FOSEP Slack Discussion: Clean Coal

By Humaira Taz

FOSEP’s second Slack discussion focused on “Clean Coal”. For those of you who are not familiar with the concept: “”Clean coal technology” describes a new generation of energy processes that sharply reduce air emissions and other pollutants from coal-burning power plants.” (Clean Coal Technology). The technology encompasses methods to “reduce sulfur, nitrogen and mercury pollutants” from power plants, improve the overall system efficiency, and capture and store carbon to reduce green house gas emissions. The government’s effort towards promoting clean coal technology is reflected in the amount of grants provided to the Petra Nova facility ($190 million) and the Kemper power plant ($1.6 billion out of which $270 million is from Department of Energy).

Personally, I was surprised at how much funding went into coal R&D, but given that many states are economically supported by the coal industry, it makes sense. My first thought was is it worth it? Is coal economically feasible? We discussed that it is not. It was pointed out that natural gas is overtaking coal in terms of economic feasibility even when coal power plants are not doing carbon sequestration. Natural gas is cheaper than coal, which is why many coal power plants are switching to natural gas.

One FOSEP member added that carbon sequestration tends to reduce the system efficiency, but the bigger problem is in the long run. “If we can figure out a way to make coal combustion clean, then we can utilize the decades or even centuries worth of coal reserves still in the ground.”

This got me thinking that if clean coal and renewable energy sources are at the same level of R&D, then why does the government focus so much on coal? One answer is that renewable sources do not provide base load power. The development in energy storage systems is still not enough to store and supply energy from renewables on a large scale.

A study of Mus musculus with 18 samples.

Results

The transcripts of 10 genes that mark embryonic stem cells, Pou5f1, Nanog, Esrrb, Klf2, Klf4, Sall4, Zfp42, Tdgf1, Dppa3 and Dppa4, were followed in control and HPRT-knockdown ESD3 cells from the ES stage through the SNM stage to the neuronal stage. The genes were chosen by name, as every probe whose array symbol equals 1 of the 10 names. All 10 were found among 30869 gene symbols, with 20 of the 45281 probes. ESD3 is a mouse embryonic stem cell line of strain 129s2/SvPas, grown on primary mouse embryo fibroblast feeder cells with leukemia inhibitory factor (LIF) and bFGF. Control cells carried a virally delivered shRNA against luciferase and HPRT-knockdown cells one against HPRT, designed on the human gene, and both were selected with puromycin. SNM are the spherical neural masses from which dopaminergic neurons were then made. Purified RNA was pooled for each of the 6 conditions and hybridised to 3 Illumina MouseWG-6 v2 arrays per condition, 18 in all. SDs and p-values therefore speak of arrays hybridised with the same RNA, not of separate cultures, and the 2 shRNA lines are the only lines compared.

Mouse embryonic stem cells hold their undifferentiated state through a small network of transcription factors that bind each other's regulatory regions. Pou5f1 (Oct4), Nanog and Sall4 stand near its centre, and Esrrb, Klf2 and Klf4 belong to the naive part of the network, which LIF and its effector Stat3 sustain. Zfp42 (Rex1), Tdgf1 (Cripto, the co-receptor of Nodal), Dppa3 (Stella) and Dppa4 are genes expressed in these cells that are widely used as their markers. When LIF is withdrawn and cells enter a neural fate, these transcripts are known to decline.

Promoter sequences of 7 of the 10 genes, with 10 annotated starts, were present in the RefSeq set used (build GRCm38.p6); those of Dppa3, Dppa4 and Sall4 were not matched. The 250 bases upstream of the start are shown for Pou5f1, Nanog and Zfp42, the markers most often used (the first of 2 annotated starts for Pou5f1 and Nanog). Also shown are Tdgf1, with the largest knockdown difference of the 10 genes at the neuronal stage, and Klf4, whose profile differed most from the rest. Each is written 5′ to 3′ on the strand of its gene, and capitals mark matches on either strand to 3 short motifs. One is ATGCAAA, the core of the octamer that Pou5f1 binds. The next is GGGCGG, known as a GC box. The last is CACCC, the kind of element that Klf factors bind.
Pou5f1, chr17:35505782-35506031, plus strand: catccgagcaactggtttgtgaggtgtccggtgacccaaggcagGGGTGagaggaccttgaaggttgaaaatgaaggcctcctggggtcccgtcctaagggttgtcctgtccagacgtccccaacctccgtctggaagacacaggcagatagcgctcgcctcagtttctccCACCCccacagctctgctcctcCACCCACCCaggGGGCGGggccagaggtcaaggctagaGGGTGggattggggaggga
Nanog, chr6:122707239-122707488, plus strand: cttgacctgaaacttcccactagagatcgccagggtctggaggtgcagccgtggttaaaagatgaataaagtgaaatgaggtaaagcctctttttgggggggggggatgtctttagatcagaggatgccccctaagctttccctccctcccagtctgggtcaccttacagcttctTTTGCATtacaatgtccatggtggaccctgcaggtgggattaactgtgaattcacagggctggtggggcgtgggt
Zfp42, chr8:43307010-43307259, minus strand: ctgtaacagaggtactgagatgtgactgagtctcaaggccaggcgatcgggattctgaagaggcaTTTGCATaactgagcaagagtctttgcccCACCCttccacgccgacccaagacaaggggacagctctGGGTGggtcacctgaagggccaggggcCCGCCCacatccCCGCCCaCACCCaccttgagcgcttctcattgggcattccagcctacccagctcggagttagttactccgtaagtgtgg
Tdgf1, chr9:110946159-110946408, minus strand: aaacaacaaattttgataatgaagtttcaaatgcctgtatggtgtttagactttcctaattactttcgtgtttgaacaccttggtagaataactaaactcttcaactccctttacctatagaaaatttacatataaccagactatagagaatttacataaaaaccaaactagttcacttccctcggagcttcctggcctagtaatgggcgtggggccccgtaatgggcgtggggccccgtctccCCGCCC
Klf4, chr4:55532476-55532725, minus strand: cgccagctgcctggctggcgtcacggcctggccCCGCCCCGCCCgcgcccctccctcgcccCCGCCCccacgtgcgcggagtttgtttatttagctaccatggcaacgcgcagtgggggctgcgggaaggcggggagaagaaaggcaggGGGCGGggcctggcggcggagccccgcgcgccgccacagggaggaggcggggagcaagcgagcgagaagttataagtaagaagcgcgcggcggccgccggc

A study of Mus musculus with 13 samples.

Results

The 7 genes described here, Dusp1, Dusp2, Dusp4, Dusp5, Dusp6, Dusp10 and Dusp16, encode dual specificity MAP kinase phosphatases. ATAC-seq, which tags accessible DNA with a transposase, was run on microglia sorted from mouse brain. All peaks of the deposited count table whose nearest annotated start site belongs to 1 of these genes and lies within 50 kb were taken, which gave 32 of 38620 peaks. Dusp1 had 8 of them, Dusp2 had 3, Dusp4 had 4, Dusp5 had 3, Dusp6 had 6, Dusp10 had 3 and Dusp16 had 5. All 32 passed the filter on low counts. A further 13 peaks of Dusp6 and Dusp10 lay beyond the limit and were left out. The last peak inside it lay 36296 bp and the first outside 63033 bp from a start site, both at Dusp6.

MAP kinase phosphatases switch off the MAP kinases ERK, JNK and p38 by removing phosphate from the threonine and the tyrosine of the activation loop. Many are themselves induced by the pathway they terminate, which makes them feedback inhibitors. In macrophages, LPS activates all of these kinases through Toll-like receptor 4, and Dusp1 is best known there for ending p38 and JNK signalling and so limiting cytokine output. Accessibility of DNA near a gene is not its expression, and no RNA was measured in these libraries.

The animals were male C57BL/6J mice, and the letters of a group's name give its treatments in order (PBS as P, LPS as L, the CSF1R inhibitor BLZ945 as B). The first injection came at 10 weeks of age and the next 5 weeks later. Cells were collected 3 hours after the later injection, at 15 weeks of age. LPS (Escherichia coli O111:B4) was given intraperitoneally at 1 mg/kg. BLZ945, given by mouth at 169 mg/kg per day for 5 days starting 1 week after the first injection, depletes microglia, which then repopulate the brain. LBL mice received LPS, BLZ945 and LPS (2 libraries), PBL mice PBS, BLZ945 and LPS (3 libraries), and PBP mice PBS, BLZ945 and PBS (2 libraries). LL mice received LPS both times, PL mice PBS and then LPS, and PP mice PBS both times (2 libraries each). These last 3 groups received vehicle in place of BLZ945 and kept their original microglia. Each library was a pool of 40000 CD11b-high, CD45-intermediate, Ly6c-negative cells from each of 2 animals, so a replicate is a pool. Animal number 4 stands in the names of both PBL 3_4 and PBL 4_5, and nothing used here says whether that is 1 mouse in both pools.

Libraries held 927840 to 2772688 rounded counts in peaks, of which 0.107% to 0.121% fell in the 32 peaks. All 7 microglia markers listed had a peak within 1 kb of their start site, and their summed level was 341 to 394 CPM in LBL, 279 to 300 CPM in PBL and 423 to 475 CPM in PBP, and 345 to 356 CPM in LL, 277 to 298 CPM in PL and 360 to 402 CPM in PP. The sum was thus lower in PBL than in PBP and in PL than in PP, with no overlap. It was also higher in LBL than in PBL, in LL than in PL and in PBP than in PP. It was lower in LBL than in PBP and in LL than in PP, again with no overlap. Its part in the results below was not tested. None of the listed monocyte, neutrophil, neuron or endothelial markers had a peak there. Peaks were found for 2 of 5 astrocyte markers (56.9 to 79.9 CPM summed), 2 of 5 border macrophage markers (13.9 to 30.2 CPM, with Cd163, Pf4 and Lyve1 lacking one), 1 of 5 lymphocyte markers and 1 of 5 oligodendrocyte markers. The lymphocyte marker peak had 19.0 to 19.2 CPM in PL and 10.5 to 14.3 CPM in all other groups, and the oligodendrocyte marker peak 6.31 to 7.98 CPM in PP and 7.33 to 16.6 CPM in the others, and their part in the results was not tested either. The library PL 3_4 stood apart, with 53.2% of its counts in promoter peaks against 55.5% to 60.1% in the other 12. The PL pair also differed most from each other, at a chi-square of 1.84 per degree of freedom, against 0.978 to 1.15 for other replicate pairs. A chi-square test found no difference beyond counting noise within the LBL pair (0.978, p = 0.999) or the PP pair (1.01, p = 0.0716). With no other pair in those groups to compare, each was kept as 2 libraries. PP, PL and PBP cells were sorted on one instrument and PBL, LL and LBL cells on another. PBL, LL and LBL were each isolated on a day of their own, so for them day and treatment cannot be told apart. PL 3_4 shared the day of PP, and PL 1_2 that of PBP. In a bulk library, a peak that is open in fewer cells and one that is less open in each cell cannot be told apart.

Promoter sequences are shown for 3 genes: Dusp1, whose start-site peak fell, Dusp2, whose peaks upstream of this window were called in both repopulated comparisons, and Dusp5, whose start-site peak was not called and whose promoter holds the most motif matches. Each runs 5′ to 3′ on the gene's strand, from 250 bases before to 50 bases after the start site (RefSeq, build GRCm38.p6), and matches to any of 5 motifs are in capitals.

The second answer is the concern about work force who have invested their whole lives in the coal industry. “[These people] have built communities in areas that don’t have much else. And it’s not really a transitional skill into something else. We need a way to support or re educate these people (who have helped us become the thriving energy economy we are) and help them transition out of a dying industry and help them stay in their communities”, another group member explained.

Therefore as technology progresses, retraining these people to transition into other industries becomes more and more important. So far, we know of one non-profit organization, “Bit Source“, that is helping unemployed workers in the coal energy learn to program and be software developers. It was pointed out that retraining can have direct implications on energy policy too. We discussed that a retraining program could be put in place that help coal miners become technicians for PV technologies. If Alternative energy continues to grow at this pace, workers will be needed. Why not source them from people who were affected by the transition?

To focus back on clean coal, the discussion steered into whether CO2 sequestration can lead to induced seismic activity. I read about two methods for sequestering CO2 – one is to dissolve the gas in saline aquifers that can be found abundantly in nature, the other is to have the CO2 adsorbed into coal seams. Personally it wasn’t intuitive to me whether either of these processes would induce any seismic activities. However, it was mentioned that seismic activities would heavily depend on CO2 injection rates.

With the government being so heavily focused on coal, it raised the question of how much of the economy actually depends on coal. Turns out that the coal industry contributes to less than 0.3% of the US GDP. The Washington Post made a hilarious comparison that the coal industry employs fewer people than Arby’s!

Given the employment numbers for the different industries, why does the death of the coal industry seem so detrimental to our economy? One FOSEP member mentioned that it might be a localization issue. Coal mines are so localized and concentrated in certain regions that when a they shut down, entire towns go under the economy. When media covers the topic it looks like an economical disaster to the general public. “[It’s] interesting to think about the role the media is playing in the way we think about coal…and the power of narrative vs facts”, she concluded.

And that brought a very important issue into focus: as scientists, we must know how to communicate with the general public. Scientists live by numbers, and while that is vital for what we do, it might not be the best approach to explain scientific issues to and raise awareness among the general public.